Grand Challenge 1:

Student Skills: How do we support students in developing their ability to learn, self-regulate, and apply the skills and ways of thinking in the geosciences along the novice to expert continuum?


Part of preparing students for careers and social/civic involvement after college, as well as contributing to students' academic success, is helping them acquire and hone skills beyond domain knowledge and technical skills. Students need adequate "soft skills" that help them succeed when working in teams, communicating information, and managing their own time and effort. Acquisition of such transferable learning skills is critical in helping students advance along the novice-expert continuum. Individually, these learning skills have been shown to be malleable, such as students' ability to self-regulate their learning (Schraw et al., 2006), effectively monitor their metacognitive processes (e.g., Nietfeld, Cao, & Osborne, 2006), and improve aspects of their affective responses to learning science (such as task value, e.g., Zapeda et al., 2015).

Direct instruction of learning strategies has been suggested as the most effective means of improving these student variables for science learning (e.g., Zapeda et al., 2015). Additionally, prior work has suggested that within the sciences, there is domain (i.e., discipline) specificity in the efficacy of certain self-regulated learning behaviors that warrant further investigation (Schraw, Crippen, & Hartley, 2006; Greene et al., 2015). While efforts have been made to characterize student abilities in other domain-specific applications via inquiry specifically related to student approaches to chemistry learning (e.g., Pintrich & Zusho, 2003, Zuscho, Pintrich, & Coppola, 2003), biology learning (e.g., Stanton et al., 2015), and physics learning (e.g., Zapeda et al., 2015), little focused work has been conducted to characterize and improve instruction of many of these skills as applied to the learning of the geosciences. This is not to say, however, that no attention has been paid to any of these endeavors. The construct of the affective domain in the geosciences has been elucidated (van der Hoeven Kraft et al., 2011) and reviewed (McConnell & van der Hoeven Kraft, 2011) in recent work. Future work should seek to similarly investigate students' approaches to the self-regulatory behaviors and metacognitive processes associated with geoscience learning. In addition, acquisition of such transferable skills is critical in helping students advance along the novice-expert continuum (Petcovic & Libarkin, 2007).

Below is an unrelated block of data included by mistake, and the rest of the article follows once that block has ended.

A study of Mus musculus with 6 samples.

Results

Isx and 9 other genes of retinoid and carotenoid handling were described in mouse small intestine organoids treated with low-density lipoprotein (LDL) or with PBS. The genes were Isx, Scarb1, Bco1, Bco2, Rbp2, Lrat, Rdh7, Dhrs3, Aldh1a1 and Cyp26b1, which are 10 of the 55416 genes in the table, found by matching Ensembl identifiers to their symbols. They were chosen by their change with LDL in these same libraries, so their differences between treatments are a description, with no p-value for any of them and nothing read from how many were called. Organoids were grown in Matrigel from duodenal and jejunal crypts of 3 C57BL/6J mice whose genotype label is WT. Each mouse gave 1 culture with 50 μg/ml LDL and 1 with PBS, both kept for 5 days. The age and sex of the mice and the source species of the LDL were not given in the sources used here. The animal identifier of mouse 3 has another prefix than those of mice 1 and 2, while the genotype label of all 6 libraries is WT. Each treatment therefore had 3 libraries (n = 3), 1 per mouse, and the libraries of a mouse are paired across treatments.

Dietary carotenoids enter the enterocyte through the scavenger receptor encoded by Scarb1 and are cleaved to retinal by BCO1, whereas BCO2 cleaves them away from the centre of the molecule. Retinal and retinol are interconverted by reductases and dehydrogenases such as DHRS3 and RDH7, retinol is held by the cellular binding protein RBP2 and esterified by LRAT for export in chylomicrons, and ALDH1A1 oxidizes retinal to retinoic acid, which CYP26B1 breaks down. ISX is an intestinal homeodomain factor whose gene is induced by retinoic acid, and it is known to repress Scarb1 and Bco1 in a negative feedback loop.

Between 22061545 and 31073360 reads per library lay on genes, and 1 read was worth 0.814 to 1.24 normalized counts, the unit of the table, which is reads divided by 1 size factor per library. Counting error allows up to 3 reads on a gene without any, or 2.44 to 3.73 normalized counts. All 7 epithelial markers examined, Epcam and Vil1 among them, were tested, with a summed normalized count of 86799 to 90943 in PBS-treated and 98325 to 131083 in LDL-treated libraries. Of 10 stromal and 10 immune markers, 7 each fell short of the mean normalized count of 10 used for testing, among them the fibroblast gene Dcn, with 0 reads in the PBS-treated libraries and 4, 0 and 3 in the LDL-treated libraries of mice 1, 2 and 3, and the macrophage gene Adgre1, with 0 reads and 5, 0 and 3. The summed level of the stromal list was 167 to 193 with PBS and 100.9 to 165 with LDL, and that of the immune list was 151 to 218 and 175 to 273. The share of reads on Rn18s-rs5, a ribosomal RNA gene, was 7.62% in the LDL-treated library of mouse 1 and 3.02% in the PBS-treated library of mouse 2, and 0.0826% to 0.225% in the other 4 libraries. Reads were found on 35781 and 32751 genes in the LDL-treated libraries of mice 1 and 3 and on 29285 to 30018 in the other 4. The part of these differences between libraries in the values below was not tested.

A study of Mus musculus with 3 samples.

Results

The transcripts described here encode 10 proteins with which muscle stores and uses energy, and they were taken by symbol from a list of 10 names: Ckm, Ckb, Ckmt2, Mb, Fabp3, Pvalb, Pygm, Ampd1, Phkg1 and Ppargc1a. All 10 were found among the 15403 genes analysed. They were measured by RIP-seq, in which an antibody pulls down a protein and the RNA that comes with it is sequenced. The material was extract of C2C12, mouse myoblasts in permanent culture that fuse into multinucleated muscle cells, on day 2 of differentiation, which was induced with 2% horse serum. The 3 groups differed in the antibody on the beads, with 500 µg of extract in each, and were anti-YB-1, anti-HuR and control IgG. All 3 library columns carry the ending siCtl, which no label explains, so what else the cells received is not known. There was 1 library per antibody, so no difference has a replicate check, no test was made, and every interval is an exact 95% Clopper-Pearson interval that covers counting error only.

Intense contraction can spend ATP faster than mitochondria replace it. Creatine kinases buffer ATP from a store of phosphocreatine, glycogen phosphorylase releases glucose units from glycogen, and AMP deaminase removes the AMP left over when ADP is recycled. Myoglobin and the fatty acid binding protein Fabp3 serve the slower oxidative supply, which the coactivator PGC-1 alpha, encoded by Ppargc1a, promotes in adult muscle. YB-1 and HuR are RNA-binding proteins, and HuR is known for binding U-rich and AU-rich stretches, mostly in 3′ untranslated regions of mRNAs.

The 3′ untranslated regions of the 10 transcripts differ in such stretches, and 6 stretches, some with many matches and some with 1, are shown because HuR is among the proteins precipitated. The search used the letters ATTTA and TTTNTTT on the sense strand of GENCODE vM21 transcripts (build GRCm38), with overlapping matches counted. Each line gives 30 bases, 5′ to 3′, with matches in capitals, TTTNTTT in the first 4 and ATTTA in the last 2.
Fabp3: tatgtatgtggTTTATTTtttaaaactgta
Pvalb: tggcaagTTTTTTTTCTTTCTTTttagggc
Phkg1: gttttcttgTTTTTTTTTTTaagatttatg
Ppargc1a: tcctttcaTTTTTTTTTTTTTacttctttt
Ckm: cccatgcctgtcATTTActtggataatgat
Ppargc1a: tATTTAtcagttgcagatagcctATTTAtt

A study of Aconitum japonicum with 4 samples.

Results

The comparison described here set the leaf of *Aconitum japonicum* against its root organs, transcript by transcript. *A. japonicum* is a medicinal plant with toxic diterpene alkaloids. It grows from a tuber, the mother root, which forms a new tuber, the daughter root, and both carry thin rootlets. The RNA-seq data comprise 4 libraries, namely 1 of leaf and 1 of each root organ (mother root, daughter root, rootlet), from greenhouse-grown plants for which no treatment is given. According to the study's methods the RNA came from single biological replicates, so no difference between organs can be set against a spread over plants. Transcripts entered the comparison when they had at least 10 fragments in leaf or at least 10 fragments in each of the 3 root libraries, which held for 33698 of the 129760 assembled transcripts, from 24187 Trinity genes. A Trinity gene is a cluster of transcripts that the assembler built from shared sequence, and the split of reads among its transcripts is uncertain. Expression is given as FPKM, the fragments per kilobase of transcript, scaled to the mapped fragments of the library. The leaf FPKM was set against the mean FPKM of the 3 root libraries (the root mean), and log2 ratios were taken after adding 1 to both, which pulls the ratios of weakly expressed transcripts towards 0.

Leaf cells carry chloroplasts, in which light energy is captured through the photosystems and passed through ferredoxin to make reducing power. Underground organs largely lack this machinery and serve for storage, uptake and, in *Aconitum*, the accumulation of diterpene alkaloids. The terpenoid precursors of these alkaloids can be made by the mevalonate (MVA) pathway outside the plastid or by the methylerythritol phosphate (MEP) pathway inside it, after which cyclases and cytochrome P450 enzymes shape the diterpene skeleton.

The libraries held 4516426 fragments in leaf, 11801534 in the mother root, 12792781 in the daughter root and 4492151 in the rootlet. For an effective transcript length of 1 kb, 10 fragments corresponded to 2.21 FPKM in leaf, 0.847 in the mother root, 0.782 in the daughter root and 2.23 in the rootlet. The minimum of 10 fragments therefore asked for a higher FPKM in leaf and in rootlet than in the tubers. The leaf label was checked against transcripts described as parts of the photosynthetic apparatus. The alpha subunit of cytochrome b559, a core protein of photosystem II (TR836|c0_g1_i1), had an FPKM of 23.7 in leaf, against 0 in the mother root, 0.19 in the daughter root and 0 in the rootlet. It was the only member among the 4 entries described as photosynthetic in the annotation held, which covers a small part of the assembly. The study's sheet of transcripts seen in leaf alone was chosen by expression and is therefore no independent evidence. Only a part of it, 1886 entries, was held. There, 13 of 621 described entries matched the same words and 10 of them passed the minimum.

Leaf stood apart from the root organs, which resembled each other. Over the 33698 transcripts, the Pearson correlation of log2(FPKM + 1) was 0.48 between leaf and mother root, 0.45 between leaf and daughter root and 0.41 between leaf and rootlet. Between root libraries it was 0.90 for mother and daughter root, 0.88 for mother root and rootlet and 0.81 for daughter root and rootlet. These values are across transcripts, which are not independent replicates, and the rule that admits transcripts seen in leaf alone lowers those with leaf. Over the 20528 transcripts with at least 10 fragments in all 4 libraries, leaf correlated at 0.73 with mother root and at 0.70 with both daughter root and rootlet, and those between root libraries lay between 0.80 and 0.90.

In addition, within education psychology, learning skills represent a separate but related construct seeking to understand how students can share their regulatory behaviors via a "Socially-Shared Regulation of Learning" (SSRL; Panadero & Järvelä, 2015 for a review), which can be described as a social-constructivist perspective on learning where students collaborate and work together to form new shared knowledge. Given the importance of collaborative work in the geosciences (both academically and professionally), inquiry into effective teamwork in the geosciences via SSRL would also serve the community.

Recommended Research Strategies

  1. Since there have been few studies in the geosciences related to this field of study, there is a strong need to identify the self-regulatory and metacognitive skills that lead to student success in geoscience learning and to determine if these learning skills are similar or different than those identified in other domain specific fields (e.g., chemistry, biology).
  2. Similarly, it is important to understand what sorts of skills those that are successful in the geosciences employ and to specifically isolate whether these skills are different between different populations along the novice-expert continuum.
  3. Once it is clear what self-regulatory and metacognitive skills are needed by students to succeed in the geosciences, then it will be important to identify ways to support and implement classroom strategies aimed to develop these student skills.
  4. Finally, in order to broader larger adoption and propagation of these approaches aimed to support student affect and development of self-regulatory and metacognitive skills, it will be important to design and assess interventions aimed to foster these skills in a variety of learning settings.